Keeping Sumatran rhinos safe

  • Environment
  • Monday, 02 Jun 2014

Veterinarian Dr Zainal Zahari Zainuddin says at the Borneo Rhino Sanctuary, they prioritise preventive measures against illnesses or infections in the rhinos.

“We weigh the rhinos every two weeks as their weight is an indicator of their health, and if they are eating well. Every month, samples of their poop, urine, blood, soil, water, food and the ground, are tested for hazardous bacteria and death-causing pathogens like salmonella, melioidosis, klebsiella or tuberculosis.

“When they go foraging at the fenced forested paddock, they sometimes sustain wounds on their feet, and we have to wash them with antiseptic. They will be out the whole night and return home only the next morning.

“Usually, they spend up to 19 hours a day in the paddock, which is really important for them to exhibit their behaviour as they would in the wild, and provides them with some form of needed enrichment.”

For Iman, treatment is given whenever there is a problem since there is nothing much Dr Zainal can do about her tumours. While there is no more blood oozing out of her, Iman still secretes mucus time and again, which he suspects is from her vagina or the uterus. Ultrasound tests are conducted on her every two to three days.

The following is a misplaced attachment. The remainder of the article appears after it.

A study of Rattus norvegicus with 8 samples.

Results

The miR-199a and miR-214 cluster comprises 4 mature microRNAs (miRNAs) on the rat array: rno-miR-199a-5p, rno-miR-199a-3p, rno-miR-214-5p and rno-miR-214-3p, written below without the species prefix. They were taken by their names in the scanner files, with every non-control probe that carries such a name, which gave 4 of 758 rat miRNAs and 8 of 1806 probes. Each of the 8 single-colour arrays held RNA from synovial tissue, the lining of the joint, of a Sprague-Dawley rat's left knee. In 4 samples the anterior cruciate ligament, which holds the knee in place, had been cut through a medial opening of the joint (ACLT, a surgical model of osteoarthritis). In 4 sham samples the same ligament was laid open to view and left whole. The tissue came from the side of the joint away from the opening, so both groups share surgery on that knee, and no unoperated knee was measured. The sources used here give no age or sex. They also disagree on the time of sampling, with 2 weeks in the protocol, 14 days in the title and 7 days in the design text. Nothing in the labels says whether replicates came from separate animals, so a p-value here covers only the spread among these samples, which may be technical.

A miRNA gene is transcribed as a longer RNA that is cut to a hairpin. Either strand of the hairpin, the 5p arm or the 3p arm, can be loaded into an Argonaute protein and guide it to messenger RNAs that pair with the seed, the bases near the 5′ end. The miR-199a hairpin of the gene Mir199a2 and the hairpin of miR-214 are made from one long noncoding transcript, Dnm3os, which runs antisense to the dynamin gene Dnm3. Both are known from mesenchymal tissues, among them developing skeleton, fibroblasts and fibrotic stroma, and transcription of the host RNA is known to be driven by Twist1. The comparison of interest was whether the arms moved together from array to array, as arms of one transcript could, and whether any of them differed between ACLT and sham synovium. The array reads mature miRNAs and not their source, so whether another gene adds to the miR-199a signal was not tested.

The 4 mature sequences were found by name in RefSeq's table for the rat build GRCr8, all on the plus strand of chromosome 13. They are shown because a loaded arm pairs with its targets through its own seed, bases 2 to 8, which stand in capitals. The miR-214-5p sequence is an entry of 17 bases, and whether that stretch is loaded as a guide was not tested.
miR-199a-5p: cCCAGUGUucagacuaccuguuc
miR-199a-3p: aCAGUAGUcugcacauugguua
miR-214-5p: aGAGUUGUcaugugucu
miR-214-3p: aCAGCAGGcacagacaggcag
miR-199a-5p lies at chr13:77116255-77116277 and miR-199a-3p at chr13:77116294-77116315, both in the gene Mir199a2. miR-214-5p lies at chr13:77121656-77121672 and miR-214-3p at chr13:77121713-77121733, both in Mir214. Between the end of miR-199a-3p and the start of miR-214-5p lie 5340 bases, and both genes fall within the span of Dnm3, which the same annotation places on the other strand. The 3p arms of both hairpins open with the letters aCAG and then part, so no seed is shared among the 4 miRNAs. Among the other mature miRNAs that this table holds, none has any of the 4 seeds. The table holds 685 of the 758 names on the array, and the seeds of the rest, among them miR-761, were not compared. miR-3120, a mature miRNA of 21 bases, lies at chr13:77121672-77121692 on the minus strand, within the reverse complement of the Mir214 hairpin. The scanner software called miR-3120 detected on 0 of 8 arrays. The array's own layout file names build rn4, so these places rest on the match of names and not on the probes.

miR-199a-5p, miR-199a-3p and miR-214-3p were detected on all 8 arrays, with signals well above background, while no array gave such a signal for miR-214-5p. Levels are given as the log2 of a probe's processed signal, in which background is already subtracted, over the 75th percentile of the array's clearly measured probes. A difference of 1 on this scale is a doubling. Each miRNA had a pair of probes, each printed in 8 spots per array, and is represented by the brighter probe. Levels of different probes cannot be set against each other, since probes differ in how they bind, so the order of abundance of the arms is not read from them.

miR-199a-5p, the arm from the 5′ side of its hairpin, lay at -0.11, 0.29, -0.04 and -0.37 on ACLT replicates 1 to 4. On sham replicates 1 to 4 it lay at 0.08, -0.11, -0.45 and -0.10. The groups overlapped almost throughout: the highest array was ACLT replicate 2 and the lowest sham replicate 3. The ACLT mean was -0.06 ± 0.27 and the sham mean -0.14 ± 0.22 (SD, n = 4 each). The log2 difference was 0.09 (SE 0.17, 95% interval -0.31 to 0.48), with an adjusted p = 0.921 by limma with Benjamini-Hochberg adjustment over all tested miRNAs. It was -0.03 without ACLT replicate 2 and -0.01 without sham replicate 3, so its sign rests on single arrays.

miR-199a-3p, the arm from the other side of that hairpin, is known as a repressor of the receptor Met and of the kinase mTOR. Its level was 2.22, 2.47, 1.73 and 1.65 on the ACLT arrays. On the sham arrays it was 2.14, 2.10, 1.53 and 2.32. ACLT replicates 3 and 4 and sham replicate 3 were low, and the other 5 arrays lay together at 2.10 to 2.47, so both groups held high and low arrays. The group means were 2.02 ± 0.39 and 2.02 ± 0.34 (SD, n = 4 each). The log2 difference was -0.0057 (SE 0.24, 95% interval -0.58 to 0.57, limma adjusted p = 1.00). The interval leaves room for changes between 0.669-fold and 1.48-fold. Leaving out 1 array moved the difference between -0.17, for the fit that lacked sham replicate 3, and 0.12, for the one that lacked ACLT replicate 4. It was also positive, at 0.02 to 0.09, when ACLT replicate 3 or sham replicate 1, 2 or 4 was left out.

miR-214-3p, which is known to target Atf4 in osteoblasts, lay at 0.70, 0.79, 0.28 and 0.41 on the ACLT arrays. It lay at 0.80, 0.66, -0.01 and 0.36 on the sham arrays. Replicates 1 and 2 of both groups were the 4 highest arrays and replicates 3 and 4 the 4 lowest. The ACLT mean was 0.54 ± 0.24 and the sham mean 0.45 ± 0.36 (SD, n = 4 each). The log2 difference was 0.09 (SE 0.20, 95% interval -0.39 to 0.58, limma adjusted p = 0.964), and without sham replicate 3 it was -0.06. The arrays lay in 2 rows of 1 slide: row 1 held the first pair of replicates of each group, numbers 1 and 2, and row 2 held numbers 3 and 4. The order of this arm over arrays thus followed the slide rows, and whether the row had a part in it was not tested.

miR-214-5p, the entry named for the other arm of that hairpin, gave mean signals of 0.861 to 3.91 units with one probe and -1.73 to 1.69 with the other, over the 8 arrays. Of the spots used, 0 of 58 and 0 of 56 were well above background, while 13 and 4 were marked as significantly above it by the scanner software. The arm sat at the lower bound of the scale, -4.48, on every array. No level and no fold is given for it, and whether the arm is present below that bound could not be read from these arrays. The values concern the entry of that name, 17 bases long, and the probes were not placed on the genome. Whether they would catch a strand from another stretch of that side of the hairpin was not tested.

The five keepers at the sanctuary collect about 200kg of plants from the forests or plantations for the rhinos’ consumption.

Footprint of a Sumatran rhino in the forests of Sabah.

Dr Zainal says rhinos love wallowing in mud or water, to cool off and avoid insects.

“A good wallow contains vital minerals that help them de-worm and heal wounds. Rhinos easily identify good wallows which they would build in under two hours.”

Wallows have proven to be a defence or camouflage mechanism of sorts for rhinos like Puntung. She had dug some 30 wallows in the forest, confounding the Bora team as to which wallow they should set their trap in.

“In the end, they resorted to closing all the wallows in a bid to drive Puntung towards the trap. But Puntung was not to be outdone. She disappeared for two weeks, and simply could not be traced.

“She was somewhere in the forest, hiding, that’s her territory. It took us one year and 10 months to finally capture her.

“In Iman’s case, we had her in about eight months. There’s a lot of work involved to successfully bring in a rhino, and the task becomes tricky and difficult when you are going into their homeland. This is when we can only rely on whatever knowledge we have about the main trail they frequently use to get to their wallows, or their feeding trails.

“If the animal is displaced, and ends up in oil palm or rubber plantations, it’s much easier to get to it, because he or she would have been disorientated.”